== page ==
BBC Worldwide inked a deal with South Korean cable TV platform Joongang Tongyang Broadcasting Company (JTBC) at Showcase 2017 that sees more than 500 hours of science, natural history and documentary content land in South Korea.
Among the titles heading to JTBC is The Hunt. Narrated by Sir David Attenborough, The Hunt explores the relationship between predators and their prey. The program comes from the executive producers of Blue Planet and Planet Earth. The deal also features Wild Japan, which examines the vast range of landscapes in the highly industrialized archipelago, with each episode detailing how humans interact with nature.
Atlantic: Wildest Ocean is also part of the sale. The program reveals secrets of the Atlantic Ocean. In addition, Wild Patagonia and Big Blue Live are headed to JTBC. The former uncovers interesting wildlife in Patagonia, while the latter looks at the success of the Monterey Bay National Marine Sanctuary and is presented by Steve Backshall, Matt Baker, Liz Bonnin and Hugh Fearnley-Whittingstall.
These programs are now available on JTBC viewers’ set-top boxes, as well as online, subtitled in Korean. JTBC is owned by JoongAng Media Network (JMnet), one of South Korea’s largest media conglomerates.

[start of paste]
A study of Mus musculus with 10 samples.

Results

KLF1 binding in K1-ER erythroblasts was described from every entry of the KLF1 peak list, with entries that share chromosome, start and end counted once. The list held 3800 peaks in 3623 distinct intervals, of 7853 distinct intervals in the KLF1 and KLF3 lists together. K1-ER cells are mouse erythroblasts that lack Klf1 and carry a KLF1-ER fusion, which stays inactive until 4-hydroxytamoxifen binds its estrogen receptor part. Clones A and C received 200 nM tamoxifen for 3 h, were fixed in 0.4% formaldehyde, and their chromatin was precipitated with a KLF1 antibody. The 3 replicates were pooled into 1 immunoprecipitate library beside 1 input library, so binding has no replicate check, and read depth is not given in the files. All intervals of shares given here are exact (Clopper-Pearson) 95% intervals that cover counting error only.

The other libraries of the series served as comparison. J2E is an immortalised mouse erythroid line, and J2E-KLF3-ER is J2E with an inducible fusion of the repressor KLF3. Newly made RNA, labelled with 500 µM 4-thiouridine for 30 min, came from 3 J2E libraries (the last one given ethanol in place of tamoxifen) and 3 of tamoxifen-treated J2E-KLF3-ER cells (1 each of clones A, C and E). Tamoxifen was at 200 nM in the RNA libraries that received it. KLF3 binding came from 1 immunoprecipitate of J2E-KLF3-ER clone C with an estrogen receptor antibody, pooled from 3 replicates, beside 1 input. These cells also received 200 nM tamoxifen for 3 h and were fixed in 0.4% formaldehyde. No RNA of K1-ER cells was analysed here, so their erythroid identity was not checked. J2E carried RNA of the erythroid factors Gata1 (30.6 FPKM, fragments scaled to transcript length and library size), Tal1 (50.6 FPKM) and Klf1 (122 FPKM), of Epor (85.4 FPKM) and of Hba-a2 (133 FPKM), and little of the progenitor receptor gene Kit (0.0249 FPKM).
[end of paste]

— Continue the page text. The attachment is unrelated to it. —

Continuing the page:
Soojin Chung, the General Manager for Northeast Asia at BBC Worldwide, commented, “We are very excited that BBC’s natural history and factual content has been a hit with JTBC’s viewers. Our relationship with JTBC started in 2012 with just one natural-history title. The continued demand for BBC’s premium documentaries is an indication of its appeal to viewers. With this new deal, we hope to be able to deliver more premium quality, inspiring content to fans across South Korea.”
Su-young Lee, head of programming at JTBC, said, “BBC’s factual programs have become increasingly popular on the channel. We are very glad to partner with BBC Worldwide to deliver the quality of factual programs that our viewers demand. I look forward to working with BBC Worldwide to develop more exciting opportunities for our fans in Korea.”